The Vatican says the church was reacting appropriately to accusations across western Europe.
The Vatican says the church was reacting appropriately to accusations across western Europe.
STORY HIGHLIGHTS
  • Protestant politician, former education minister Wim Deetman, to lead inquiry
  • Radio Netherlands Worldwide broke story of alleged abuse of boys by priests at a boarding school
  • Widens scandal that touches countries including the U.S., Ireland and Germany
  • Bishops: "Any form of sexual abuse deserves to be heavily condemned"

Dutch church leaders "are deeply moved by the gripping accounts of sexual abuse that have come to light in recent days. Any form of sexual abuse deserves to be heavily condemned," the bishops said in a statement Tuesday.

The bishops turned to a Protestant politician to lead the inquiry: former education minister Wim Deetman, who is also a former mayor of The Hague, Radio Netherlands Worldwide reported Tuesday.

The station broke the story of the alleged abuse of boys by Catholic priests at a boarding school in the Netherlands in the 1960s and 1970s. Hundreds of other reports of abuse flowed in after the story appeared on radio and in the NRC Handelsblad newspaper, Radio Netherlands said.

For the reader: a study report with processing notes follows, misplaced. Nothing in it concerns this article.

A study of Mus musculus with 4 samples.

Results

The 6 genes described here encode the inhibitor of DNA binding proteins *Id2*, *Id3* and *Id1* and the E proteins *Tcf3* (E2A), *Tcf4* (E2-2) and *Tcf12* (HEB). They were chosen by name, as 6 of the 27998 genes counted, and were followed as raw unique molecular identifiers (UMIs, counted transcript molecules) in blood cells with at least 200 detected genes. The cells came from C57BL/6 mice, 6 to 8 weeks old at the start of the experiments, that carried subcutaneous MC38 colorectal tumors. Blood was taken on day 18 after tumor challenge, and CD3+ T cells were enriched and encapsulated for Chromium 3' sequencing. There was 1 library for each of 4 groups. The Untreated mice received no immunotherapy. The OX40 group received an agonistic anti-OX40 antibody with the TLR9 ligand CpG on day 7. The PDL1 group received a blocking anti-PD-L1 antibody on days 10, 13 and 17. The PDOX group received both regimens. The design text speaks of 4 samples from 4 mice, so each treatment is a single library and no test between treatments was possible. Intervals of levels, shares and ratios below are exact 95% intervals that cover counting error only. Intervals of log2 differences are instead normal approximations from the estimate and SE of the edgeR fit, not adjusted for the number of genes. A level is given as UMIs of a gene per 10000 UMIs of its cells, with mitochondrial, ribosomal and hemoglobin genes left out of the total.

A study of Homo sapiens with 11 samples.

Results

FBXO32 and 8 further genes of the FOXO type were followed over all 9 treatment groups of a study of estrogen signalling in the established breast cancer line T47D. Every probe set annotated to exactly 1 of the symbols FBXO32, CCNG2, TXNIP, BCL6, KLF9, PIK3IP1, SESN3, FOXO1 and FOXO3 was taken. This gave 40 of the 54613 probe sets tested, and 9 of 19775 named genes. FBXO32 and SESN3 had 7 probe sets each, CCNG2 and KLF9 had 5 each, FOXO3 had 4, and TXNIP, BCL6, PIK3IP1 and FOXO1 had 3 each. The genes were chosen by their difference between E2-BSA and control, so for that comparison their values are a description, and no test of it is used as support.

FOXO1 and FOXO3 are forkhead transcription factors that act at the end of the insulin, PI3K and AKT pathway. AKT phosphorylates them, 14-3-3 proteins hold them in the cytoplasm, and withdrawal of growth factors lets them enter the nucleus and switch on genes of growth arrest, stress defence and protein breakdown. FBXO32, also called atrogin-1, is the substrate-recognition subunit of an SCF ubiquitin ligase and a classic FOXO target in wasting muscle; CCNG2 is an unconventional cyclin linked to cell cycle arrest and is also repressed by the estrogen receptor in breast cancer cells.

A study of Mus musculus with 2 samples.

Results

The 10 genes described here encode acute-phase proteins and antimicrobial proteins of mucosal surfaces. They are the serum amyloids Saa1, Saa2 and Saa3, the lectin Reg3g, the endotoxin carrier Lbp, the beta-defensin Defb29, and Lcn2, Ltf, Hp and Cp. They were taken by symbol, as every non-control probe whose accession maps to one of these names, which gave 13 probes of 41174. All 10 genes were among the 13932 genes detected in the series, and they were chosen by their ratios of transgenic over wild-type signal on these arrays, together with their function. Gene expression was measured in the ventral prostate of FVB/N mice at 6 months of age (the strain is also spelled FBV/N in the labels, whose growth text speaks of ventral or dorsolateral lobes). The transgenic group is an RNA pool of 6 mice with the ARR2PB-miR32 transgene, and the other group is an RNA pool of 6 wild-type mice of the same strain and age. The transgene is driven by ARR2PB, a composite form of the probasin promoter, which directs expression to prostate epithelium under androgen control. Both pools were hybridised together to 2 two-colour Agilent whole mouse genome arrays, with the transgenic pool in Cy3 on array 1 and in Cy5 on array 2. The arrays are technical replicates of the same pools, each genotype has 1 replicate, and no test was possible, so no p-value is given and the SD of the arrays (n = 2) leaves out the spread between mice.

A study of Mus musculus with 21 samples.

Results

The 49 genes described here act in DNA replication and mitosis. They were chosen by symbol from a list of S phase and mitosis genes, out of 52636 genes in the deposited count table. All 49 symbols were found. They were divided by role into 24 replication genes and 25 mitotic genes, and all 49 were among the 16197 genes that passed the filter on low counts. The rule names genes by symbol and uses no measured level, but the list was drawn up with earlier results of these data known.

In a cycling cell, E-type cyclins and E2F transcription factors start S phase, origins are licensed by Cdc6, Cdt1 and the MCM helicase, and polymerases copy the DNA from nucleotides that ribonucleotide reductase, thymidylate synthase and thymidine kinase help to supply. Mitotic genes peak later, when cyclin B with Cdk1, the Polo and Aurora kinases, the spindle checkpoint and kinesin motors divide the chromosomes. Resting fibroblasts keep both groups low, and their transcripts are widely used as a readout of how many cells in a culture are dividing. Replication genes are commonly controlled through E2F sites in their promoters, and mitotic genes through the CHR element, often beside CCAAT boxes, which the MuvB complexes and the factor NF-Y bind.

A top Vatican spokesman Tuesday said the church was reacting appropriately to accusations across western Europe.

German, Dutch and Austrian bishops' conferences "have demonstrated their desire for transparency and, in a certain sense, accelerated the emergence of the problem by inviting victims to speak out, even when the cases involved date from many years ago," Father Federico Lombardi said in a statement.

Child abuse claims hit Germany

He signaled that Catholic leaders would be willing to participate in a proposed German "round table" of "the various educational and social organizations in order to consider the question" of how to fight child abuse.

While condemning child abuse by Catholic clergy as "particularly reprehensible because of the Church's educational and moral responsibility," Lombardi said the problem was not unique to the church.

He also denied that Pope Benedict XVI had compounded the problem with a formal letter he wrote in 2001, before he became pope.

The letter is "sometimes improperly cited as the cause of a 'culture of silence,'" Lombardi wrote.

He insisted it was in fact "a decisive signal to remind the episcopate of the seriousness of the problem, as well as a real incentive to draw up operational guidelines to face it."

Benedict met Irish bishops twice in the past four months, after two damning reports in 2009 into the abuse of children in Catholic institutions there over the course of decades. Four Irish bishops resigned in December.

The pope is expected to issue a formal statement, or pastoral letter, about the scandal by Easter, which falls on April 4 this year.

CNN's Ben Brumfield in Atlanta, Georgia, and Hada Messia in Rome, Italy, contributed to this report.